Hybrid automobiles differ in the details

Christiaan Patterson


One such owner bought the Prius as a representation of his principles and awareness of doing his part for the environment.

“I’m a proud owner of a Prius,” Jason Prystowski, an emergency medicine physician, said. “I could have gone with a Ferrari but a Prius gets better gas mileage and chicks dig it.”

Before purchasing the hybrid in June of 2009, Prystowski owned a Subaru Baja which was perfect at the time while he lived on the Navajo Indian Reservation. A Prius would not have sufficed on the muddy and sometimes snowy terrain.

Hybrid vehicles are only the beginning in a world dealing with a rapidly growing population and diminishing resources. So far, the Toyota Prius and Honda Insight are the main competitors of hybrid on the market.

With one million sales in the United States alone early this April, Toyota announced its plan for future development of hybrids. The Prius now owns half the market of these types of cars, according to Toyota.

However, Honda’s offering, which was first introduced in 2009 as a 2010 model fell short of its 70,000 sale projection and has only sold about 21,000 units.

“The Prius is never going to die out. We’ve been selling like crazy (since 2008),” said Blaine Landresse, who works in the sales and leasing department for Sierra Toyota. “Now, like in 2008, rising gas prices contribute to more sales of these cars.”

Honda’s low sale numbers are due in part by the company not pushing for more advertising to the public. Both cars are almost identical in features and even appearance, aside from additional eco-friendly details in Toyota’s product.

“People buying (Insights) want to save money and looks are important,” Joseph Derie, sales representative for Honda, said. “Honda offers a longer warranty than Toyota and the Insight isn’t a new idea. It’s just an improved concept from the previous Honda Hybrid from back in 1999.”

Honda offers a 150,000 mile or 15 year warranty on the battery instead of Toyota’s 100,000 mile warranty. A benefit of advanced technology is the price of replacing a battery today as oppose to five years ago.

Back then, a new battery would have cost its owner $6 thousand. Now, the price is about half that amount at about $3,000.

Prius and Insight have been advertised as clean vehicles and environmentally friendly with very low CO2 emissions and other harmful pollutants. According to Segway.com, the Prius will emit 0.52 metric tons of CO2 into the atmosphere compared with 19.32 metric tons of CO2 that a Cadilac Escalade emits over the course of 12,000 miles per year.

According to driveclean.ca.gov, the environmental performance of both the Prius and Insight were given a score 10/10 on its contributions to global warming compared to an average car at 5/10. This rating means that the automobile contributes next to nothing to the effects of global warming.  A typical newer sedan averages about 5/10.  The Prius’ smog emissions score were 9/10 compared to a new average car of 5/10. Basically, these cars emit fewer pollutants that fill the air with harmful greenhouse gases.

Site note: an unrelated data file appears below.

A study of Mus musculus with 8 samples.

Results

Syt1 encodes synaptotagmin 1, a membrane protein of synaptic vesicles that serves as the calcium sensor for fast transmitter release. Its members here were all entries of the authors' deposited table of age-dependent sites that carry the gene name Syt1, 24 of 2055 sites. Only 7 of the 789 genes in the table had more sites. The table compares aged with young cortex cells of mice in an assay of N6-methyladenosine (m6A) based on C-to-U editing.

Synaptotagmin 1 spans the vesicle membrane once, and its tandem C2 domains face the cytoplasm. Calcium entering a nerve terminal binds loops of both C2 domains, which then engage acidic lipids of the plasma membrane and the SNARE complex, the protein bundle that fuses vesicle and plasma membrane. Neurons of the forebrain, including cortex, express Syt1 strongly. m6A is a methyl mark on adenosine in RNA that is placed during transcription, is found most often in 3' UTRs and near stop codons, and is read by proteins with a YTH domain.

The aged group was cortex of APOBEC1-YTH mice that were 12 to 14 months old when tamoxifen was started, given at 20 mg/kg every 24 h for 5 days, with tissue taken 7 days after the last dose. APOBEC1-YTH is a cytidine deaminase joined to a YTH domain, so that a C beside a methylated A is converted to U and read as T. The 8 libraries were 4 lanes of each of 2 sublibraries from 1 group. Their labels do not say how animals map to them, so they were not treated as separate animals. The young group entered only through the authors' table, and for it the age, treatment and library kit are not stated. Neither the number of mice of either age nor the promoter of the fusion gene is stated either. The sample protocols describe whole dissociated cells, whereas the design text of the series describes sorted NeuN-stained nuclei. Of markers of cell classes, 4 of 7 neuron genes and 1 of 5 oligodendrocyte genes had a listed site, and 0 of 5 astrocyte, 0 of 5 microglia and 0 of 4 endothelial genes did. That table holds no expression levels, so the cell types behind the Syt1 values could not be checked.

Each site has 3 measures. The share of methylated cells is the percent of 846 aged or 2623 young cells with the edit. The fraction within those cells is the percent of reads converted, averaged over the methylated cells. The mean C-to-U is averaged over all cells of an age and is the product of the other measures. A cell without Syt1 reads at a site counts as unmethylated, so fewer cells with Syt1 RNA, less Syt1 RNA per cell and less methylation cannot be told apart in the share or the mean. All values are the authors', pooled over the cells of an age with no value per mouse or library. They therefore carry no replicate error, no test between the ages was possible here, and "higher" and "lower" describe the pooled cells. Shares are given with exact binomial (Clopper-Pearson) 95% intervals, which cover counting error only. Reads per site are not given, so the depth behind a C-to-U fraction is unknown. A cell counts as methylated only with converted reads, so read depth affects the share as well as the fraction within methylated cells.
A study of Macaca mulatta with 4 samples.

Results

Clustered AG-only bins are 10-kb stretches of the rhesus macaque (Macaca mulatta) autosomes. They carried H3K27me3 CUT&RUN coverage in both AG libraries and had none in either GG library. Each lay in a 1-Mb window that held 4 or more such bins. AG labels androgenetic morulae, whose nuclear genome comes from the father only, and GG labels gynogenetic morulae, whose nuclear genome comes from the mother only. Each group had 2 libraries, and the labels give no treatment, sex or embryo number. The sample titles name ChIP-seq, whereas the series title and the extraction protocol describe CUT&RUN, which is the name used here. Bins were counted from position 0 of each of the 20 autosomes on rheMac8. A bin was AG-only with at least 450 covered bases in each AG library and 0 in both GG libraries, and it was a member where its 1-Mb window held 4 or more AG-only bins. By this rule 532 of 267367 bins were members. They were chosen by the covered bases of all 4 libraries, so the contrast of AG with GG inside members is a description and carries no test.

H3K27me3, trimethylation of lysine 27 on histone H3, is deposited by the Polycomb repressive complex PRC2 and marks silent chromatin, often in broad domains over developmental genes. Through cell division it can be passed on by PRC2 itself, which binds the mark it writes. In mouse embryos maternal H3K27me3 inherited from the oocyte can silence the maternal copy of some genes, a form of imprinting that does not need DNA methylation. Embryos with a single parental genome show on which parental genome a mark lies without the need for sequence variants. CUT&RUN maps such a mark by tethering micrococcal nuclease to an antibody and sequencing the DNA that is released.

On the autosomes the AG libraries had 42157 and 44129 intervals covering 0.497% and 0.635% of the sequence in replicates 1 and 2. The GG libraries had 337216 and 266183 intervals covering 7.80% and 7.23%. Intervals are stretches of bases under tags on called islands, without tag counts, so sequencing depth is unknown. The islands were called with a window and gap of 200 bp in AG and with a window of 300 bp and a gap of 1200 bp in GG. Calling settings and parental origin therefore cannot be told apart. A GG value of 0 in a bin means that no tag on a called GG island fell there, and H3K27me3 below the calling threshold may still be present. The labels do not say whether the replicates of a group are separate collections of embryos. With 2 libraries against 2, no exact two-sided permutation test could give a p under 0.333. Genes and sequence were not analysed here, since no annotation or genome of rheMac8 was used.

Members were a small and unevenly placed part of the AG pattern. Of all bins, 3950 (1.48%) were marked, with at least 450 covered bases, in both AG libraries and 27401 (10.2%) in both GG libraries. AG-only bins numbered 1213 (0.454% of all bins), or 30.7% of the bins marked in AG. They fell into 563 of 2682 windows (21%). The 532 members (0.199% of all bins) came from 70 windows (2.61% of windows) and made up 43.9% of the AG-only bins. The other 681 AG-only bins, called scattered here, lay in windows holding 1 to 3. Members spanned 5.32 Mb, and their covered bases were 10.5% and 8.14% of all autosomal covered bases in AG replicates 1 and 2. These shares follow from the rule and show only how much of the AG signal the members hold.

“(Prius) gets higher mpg in the city because it runs off battery under 20 mph and uses no gas,” said Oscar Graciano, sales representative at Sierra Toyota. “It’s all monitored by a computer which tells the motor to stop using gas at stop lights and run on only the battery.”

How do these vehicles compare with others? For starters, the Prius averages 51 mpg in town and 48 on the highway. Other features of a Prius, which help make a  cleaner car, are solar panels on the roof which help cool the interior on newer models, coupled with a concave profile of the roof and hood for increased aerodynamics. Fewer belts in the motor decrease drag, improving  fuel efficiency. It also recycles its own energy by using the brakes to help recharge the battery.

The Insight gets 40 in the city and 43 mpg’s on the highway and has limited features similar to its competitive counterpart such as a rechargeable battery by both motor and braking system and multiple airbags for safety. Unlike the Prius, Insight’s exterior was not designed for better aero dynamics and it uses regular motor oil which is cheaper to maintain than the synthetic inside a Prius.

Prystowski views the Prius as a great investment since he does a lot of outdoor activities and there is plenty of space for all the gear. In addition, Prystowski emphasizes his principle of being earth friendly and doing what one can such as walking or biking when a car is not necessary.

“I love my Prius. It’s not for everyone but it’s for me.” Prystowski said.